William and Francis Humphreys

Water was discovered in the “Farina Creek”  by early pioneers in the 1850’s and became the “Gums” stock watering hole on the major Beltana to Marree stock routes. In July of 1859 this land was taken up by G H Davenport and W Fowler and by 1876 the town land adjacent was leased by Mr A M Woolridge and renamed “Government Gums”. To maintain the water supply Mr Woolridge sent William and Francis Humphries and their daughter Sarah in March the same year to maintain the water holes. The town of Government Gums was later declared on 21st March 1878 and renamed Farina by the Governor of South Australia.

Demands for a railway started to emerge in the city, around the 1870’s to fulfil the carting of ore from the many new mines that were being brought into work and the first stages of this was to be known as the Transcontinental Railway linking Port Augusta to Darwin via Palmerston. The then assistant engineer for the Public works Department a Mr Robert C Paterson declared that the 200 miles of this proposed route into the stony desert would not be satisfactory and decided that Government Gums with its own water supply, could support a railway on this route. This railway was later to be called the “Great Northern Railway”. A tender was later awarded to Barry, Brookes & Fraser during 1877 to construct the railway at a total cost of 533,000 pounds.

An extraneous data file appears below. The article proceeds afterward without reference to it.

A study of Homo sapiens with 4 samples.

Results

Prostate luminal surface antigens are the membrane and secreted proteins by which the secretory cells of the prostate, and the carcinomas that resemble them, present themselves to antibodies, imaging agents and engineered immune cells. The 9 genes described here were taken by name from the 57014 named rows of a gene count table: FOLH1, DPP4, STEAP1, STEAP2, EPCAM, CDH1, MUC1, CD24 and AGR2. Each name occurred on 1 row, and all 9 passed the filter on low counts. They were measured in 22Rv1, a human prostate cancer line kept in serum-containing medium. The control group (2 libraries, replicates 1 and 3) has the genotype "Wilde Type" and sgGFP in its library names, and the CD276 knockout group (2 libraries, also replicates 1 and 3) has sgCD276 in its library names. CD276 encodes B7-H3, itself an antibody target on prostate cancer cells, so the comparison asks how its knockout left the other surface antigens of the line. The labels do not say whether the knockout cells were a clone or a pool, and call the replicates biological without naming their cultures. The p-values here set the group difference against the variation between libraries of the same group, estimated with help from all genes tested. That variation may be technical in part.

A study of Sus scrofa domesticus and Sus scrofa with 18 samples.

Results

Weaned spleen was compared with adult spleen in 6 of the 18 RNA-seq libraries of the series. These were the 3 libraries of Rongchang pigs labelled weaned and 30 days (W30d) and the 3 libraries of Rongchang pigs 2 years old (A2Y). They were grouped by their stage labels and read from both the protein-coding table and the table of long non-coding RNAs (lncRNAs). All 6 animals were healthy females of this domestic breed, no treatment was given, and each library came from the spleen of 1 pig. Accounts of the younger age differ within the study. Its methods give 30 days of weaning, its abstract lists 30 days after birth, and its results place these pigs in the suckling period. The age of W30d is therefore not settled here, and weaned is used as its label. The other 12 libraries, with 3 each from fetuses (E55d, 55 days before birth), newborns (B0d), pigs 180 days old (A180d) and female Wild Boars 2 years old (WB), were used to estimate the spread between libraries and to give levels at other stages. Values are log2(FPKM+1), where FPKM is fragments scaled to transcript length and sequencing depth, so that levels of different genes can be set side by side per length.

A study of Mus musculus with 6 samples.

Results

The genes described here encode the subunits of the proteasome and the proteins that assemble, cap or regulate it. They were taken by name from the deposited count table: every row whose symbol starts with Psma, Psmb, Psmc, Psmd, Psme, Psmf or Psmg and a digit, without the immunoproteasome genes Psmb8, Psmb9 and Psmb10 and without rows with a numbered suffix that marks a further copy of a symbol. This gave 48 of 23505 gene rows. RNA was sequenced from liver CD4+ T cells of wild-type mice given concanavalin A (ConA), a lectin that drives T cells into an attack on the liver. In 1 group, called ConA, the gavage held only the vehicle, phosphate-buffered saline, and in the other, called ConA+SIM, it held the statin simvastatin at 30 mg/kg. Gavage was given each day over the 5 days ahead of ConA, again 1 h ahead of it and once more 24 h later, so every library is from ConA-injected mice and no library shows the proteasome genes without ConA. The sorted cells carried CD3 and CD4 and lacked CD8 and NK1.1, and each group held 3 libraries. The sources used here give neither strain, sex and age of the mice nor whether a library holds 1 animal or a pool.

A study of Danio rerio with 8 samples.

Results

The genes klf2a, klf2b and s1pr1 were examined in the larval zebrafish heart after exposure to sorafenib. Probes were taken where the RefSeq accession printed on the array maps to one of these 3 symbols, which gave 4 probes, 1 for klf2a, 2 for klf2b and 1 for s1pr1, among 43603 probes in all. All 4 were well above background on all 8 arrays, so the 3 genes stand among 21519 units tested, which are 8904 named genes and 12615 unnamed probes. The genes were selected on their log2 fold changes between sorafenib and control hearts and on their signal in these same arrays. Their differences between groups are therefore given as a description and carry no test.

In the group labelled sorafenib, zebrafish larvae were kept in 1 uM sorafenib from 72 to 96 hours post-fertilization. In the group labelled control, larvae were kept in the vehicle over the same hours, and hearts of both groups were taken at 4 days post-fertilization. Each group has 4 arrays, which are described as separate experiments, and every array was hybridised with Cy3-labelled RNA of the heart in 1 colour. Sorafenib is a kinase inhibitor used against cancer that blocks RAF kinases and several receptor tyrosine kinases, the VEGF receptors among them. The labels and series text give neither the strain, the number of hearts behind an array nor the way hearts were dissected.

At the time it was a great responsibility placed on the Humphreys family to maintain the wells and water holes for the early town and railway.

In later years Sarah Humphreys and Henry Stanford who’s family had grown to 12 children, lost two of their sons in WW1 and WW2. Henry Max Stanford 24/04/1917 and Lawrence William Stanford 27/08/1942.